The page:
By the end of the fifteenth century, Venice dominated the publishing market, with a majority of the books printed in Europe issuing from her presses. One of the most distinguished publishers active in Venice at the turn of the sixteenth century was Aldus Manutius, famed for his editions of Greek works, for pioneering new typefaces such as the italic, and for the magnificent Hypnerotomachia Poliphili (23.73.1). Another innovation introduced by Aldus was the intimate handheld book in octavo format. Other publishers soon picked up on this novelty, as can be seen from a 1519 Italian edition of The Golden Ass by the late classical author Apuleius (56.608.1). It is hard to imagine a more enjoyable read than this pocket-sized illustrated version of Apuleius’ entertaining tale of a young man accidentally transformed into a donkey. This book provides an example of the kind of illustration developed in Venice around the turn of the century, when the shaded style, in which forms are modeled with parallel hatching, replaced the pure outlines of earlier Venetian woodcuts.
In the mid-sixteenth century, Francesco Marcolini da Forli, renowned for his typography and his fine printing, was one of the most important publishers. Marcolini had a particular interest in architecture; he composed treatises on clocks and on engineering, designed a much-praised wooden bridge in Venice, and published a number of architectural texts, including the early editions of Sebastiano Serlio’s Regole generali (43.65.12; 41.100.136; 41.100.137) and Il terzo libro (41.100.135; 37.56.2) and, in 1556, Daniel Barbaro’s splendid edition of Vitruvius, illustrated in large part by Palladio (34.64.4; 45.82.3; 41.100.218). Marcolini is perhaps best known for his fortune-telling book of 1540, Le Sorti, one of the most fascinating publications of the sixteenth century (37.37.23). This book was the third of its kind, and can be seen as a response to an equally lavish picture-book/fortune-telling game devised by Sigismondo Fanti of Ferrara and published by the Giunta in Venice fourteen years earlier (25.7). Whereas Fanti’s book required the use of dice to learn one’s fortune, Marcolini’s was designed to work with a pack of cards. The rhyming responses to the list of questions in Marcolini’s Le Sorti were penned by the well-known Renaissance poet Lodovico Dolce, one of several authors with whom Marcolini enjoyed a close friendship. Foremost among these was Pietro Aretino, whose writings, prior to 1547—when the publisher traveled to Cyprus—were all issued by Marcolini. As a leading member of the informal association of artists and writers known as the Accademia dei Pellegrini, Marcolini also had close ties with the painters Titian, Tintoretto, Giuseppe Porta, and Francesco Salviati, and the engraver Enea Vico. Salviati provided designs for woodcuts in at least two of Marcolini’s publications, Le Sorti and Aretino’s Life of the Virgin of 1539. Another book by Aretino, the Stanze, published by Marcolini in 1537, contains an unusual frontispiece in the form of a chiaroscuro woodcut that is usually attributed to Titian (37.37.2).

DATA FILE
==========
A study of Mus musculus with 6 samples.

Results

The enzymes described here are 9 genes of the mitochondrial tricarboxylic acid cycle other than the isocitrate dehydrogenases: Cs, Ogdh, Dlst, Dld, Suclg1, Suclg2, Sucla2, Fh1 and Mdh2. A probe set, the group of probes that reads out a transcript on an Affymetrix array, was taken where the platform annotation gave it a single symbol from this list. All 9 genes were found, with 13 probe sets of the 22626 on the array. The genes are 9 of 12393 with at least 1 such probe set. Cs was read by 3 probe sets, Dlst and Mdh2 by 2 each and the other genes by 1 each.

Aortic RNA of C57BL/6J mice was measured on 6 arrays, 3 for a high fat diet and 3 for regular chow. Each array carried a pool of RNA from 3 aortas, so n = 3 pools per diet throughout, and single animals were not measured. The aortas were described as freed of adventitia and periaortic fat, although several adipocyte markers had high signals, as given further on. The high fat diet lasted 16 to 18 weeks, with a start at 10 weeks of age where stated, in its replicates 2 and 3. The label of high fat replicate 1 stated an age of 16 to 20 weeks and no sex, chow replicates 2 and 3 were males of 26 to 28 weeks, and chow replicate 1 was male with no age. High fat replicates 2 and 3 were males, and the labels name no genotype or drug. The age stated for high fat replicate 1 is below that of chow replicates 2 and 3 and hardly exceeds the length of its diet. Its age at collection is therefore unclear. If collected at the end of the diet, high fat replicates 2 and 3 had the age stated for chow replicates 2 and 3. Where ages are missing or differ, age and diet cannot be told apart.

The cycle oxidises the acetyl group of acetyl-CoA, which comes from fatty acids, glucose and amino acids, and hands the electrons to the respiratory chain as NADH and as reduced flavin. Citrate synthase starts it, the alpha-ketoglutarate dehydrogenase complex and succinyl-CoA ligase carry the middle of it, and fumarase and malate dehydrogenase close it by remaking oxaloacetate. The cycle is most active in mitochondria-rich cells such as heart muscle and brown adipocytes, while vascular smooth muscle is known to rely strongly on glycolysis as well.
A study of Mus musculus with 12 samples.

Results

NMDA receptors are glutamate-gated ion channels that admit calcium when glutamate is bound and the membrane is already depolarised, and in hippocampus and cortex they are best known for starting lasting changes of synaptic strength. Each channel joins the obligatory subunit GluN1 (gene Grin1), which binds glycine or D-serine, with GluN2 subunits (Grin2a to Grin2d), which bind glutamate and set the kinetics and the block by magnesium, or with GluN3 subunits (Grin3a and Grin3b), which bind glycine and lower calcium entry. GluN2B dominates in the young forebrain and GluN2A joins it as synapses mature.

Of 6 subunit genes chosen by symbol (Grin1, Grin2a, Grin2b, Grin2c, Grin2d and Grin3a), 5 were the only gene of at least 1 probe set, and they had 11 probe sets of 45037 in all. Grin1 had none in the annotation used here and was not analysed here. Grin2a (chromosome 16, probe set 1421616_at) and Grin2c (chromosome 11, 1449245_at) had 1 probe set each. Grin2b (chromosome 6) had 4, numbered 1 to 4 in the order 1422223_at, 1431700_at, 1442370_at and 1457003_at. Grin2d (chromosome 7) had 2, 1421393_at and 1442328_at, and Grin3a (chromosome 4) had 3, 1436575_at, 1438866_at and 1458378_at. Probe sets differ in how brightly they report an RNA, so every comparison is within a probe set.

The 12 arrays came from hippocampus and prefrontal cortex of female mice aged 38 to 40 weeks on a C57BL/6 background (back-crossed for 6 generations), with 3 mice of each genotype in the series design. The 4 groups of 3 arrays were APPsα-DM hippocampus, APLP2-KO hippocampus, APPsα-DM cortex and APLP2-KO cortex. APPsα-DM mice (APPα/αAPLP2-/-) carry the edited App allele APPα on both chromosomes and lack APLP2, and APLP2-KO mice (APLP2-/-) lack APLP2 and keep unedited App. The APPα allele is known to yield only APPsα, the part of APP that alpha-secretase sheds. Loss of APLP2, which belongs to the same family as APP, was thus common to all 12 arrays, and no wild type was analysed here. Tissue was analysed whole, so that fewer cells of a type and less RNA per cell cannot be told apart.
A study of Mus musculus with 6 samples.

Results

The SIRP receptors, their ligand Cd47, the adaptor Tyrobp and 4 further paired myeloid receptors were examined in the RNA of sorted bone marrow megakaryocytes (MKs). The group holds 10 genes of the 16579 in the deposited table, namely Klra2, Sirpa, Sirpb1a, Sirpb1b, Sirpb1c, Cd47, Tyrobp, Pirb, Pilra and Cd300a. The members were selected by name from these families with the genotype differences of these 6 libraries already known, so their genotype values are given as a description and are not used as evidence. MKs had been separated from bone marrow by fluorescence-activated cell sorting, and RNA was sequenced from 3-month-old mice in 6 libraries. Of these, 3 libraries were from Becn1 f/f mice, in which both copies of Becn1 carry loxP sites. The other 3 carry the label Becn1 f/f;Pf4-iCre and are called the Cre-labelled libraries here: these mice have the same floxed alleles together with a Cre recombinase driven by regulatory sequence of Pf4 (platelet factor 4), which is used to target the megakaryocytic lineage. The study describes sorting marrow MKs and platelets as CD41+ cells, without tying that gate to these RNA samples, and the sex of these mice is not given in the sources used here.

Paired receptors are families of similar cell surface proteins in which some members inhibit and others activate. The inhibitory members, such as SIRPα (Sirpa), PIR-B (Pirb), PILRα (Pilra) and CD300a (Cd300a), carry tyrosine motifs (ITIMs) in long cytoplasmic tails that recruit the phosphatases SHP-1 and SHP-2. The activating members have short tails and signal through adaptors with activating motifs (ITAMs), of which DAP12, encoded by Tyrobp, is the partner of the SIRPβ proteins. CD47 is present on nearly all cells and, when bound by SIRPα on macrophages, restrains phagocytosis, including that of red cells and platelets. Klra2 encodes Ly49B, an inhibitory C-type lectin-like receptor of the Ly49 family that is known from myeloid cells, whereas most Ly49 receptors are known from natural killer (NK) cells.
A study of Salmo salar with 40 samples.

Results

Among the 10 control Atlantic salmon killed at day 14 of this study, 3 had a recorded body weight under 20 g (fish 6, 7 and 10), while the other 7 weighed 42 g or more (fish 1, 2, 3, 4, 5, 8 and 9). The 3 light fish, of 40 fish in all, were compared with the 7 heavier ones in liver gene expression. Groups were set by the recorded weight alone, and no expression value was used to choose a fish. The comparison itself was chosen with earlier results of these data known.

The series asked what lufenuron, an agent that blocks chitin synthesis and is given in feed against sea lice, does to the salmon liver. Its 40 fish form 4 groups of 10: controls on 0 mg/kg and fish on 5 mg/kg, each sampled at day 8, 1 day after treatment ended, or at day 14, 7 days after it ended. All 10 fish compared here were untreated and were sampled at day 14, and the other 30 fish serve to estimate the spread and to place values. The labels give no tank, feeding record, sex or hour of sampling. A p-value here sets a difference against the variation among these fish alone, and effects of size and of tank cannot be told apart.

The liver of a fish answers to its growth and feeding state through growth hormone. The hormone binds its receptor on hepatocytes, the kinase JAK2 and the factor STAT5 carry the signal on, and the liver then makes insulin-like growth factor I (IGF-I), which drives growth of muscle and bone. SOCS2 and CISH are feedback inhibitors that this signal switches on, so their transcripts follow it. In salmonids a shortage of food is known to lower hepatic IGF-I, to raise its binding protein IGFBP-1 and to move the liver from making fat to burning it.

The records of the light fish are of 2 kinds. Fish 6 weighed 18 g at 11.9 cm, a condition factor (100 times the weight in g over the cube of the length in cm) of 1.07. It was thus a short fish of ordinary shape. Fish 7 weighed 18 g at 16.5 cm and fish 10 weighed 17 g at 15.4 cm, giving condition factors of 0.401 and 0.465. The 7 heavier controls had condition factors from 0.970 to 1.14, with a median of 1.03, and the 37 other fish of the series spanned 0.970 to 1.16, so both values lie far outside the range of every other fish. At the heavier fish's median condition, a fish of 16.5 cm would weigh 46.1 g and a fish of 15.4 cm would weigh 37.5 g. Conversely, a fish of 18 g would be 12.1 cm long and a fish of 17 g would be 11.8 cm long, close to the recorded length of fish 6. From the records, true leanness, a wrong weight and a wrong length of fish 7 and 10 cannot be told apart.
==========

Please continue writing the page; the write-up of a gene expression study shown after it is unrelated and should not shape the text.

Titian had many links with the world of Venetian publishing and was known to collaborate with blockcutters in the production of prints, such as his vast multiblock Submersion of Pharaoh’s Army (27.54.87-98) and his dynamic Saint Jerome in the Wilderness (22.73.3-119). One of Titian’s students, Jan Steven van Calcar, designed the magnificent woodcuts for the anatomy book of Andreas Vesalius (53.682). Another gifted student, Giovanni Maria Verdizotti, compiled and translated a collection of moral fables—adding some new ones of his own invention–and drew the beautiful illustrations that accompany them (48.165). The handsome and accurate representations of the human figure in the former and the atmospheric landscapes in the latter are so successful that many scholars have been tempted to attribute them to Titian himself.
Some have suggested that it was the plague of 1575–76, which wiped out nearly a third of the Venetian population, that brought the city’s great age of book production to an end. Another factor was the increasing restrictions of the Counter Reformation. As freedom of the press was replaced by fear of the Inquisition, works of literature and science ceased to issue so copiously from the presses. Marcolini’s rival, the prolific and influential publisher Gabriel Giolito, had to appear before the Inquisition; and Marcolini’s Le Sorti, with its recourse to magic and its occasionally anticlerical or ribald responses, was added to the Index of Prohibited Books.
Thompson, Wendy. “Woodcut Book Illustration in Renaissance Italy: Venice in the Sixteenth Century.” In Heilbrunn Timeline of Art History. New York: The Metropolitan Museum of Art, 2000–. http://www.metmuseum.org/toah/hd/wivs/hd_wivs.htm (October 2004)
De Simone, Daniel, ed. A Heavenly Craft: The Woodcut in Early Printed Books. New York: G. Braziller, 2004.
Rosand, David, and Michelangelo Muraro. Titian and the Venetian Woodcut. Exhibition catalogue. Washington, D.C.: International Exhibitions Foundation, 1976.